CHICAGO - Ahead of this week's special session of the General Assembly, Illinois Gov. Rod Blagojevich enlisted Chicago's business community to press the House Democratic leadership to pass a long-stalled partially bond-financed capital budget.
Blagojevich called a sputtering economy the most pressing issue facing the state in pushing for passage of a proposed $25 billion capital works program known as Illinois Works that would provide new funding for infrastructure projects, school construction, and bridge and road work.
"The state desperately needs a capital budget" to invest in infrastructure that would in turn create jobs and combat a 6.8% state unemployment rate, Blagojevich said in an address yesterday hosted by the Chicago City Club, a local business organization. "I ask you, the prominent people of the Chicago City Club, to help us forge a compromise."
The governor cited a Southern Illinois University study that reported a $25 billion capital plan would create 443,000 new full-time jobs, $32 billion in economic activity, and more than $2.3 billion in state and local tax revenues.
While Blagojevich called for the business community to pressure lawmakers to embrace a compromise plan during a special session set on the issue for Wednesday, he singled out House Speaker Michael Madigan, D-Chicago. Tensions between the Democratic governor and House leader have escalated over the last year, with the two trading verbal jabs and Madigan himself boycotting recent leadership meetings.
The governor had praise for Madigan's counterpart in the Senate, President Emil Jones, D-Chicago, who introduced him. Jones has remained loyal to the governor despite criticism from some in his caucus over Blagojevich's governing style that favors news statements over negotiation.
The Senate has already approved a capital spending plan and most recently endorsed various revenue-raising measures, including a $16 billion pension bond issue, to help shore up the state's $59 billion operating budget. The House passed appropriations but did not approve the pension bond issue or a sweep of non-general fund accounts, prompting the governor last month to veto about $1.4 billion from the operating budget.
It appears little might be accomplished during the upcoming special session. Madigan spokesman Steve Brown said there's little new before the House for it to vote on. A controversial lottery lease remains part of the capital proposal and Brown said, "There is no agreement on details and safeguards for projects."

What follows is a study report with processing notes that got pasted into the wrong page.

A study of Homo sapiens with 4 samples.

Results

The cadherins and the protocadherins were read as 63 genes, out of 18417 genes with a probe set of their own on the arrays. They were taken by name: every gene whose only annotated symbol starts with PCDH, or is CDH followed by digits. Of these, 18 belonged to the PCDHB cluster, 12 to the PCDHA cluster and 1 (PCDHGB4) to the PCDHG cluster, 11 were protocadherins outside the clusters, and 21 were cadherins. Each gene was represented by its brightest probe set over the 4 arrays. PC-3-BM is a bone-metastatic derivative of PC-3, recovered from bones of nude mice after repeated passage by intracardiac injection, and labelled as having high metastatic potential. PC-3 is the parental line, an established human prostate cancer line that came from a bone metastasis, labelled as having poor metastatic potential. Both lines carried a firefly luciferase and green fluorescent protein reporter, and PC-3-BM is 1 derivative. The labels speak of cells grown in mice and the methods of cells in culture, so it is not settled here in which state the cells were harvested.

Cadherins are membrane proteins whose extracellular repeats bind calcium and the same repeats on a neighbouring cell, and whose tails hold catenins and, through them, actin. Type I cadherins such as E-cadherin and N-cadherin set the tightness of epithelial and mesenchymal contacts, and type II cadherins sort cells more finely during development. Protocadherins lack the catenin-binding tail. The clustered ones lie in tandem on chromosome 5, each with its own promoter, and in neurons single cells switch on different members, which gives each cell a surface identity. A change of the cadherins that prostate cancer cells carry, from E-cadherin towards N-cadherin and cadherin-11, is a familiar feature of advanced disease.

Blagojevich had earlier pushed for support of a capital budget that over several months had grown to about $34 billion. It relied on $7 billion from the partial leasing of the Illinois Lottery; $800 million in up-front funds from the issuance of three new casino gaming licenses, including $500 million from Chicago that would receive a license; and $7.8 billion of new general obligation borrowing, in addition to local and federal matching dollars.
Amid opposition from several factions, including the Chicago officials who were upset with the size of the up-front casino license payment, the governor scaled back the plan to $25 billion after the expanded gaming measures were dropped.
The new plan earmarks $14.4 billion for roads, $4.1 billion for education facilities, $3.4 billion for public transit and rail, $800 million environment and water, $310 million for state facilities, $100 million for health care facilities, $425 million for economic development, and more than $1.4 billion for other projects.
The latest proposal comes after seven months of work on a capital plan led by former Republican U.S. House Speaker Dennis Hastert and former Democratic congressman Glenn Poshard at the request of Blagojevich, after nearly two years of failed negotiations with lawmakers on how to fund a capital program.
The state has lacked a major infusion of capital dollars since the $12 billion Illinois Works program, approved in 1999, and officials have warned that without new funding the state risks the loss of $9 billion in federal matching dollars for capital projects.
While support is strong for a capital plan, the feud between the governor and Madigan remains a key obstacle. Some lawmakers also want measures included in the capital bill that would limit the governor's discretionary power to award funds. The measures are sought due to concerns that Blagojevich would withhold state grants to punish critics. The governor has so far refused to sign recently approved ethics legislation banning political contributions from large state contract holders.
Blagojevich was accused in federal court testimony of rewarding a political contributor with a state job during the trial of his former top fundraiser, Antoin Rezko, who was later convicted of trading state investment business and jobs for contributions. The governor has not been charged with any wrongdoing.
The governor yesterday also restated his position against an income tax increase, floated by some to help shore up the state's operating budget and to increase funding for education, saying he would veto any income tax increase approved this year or next.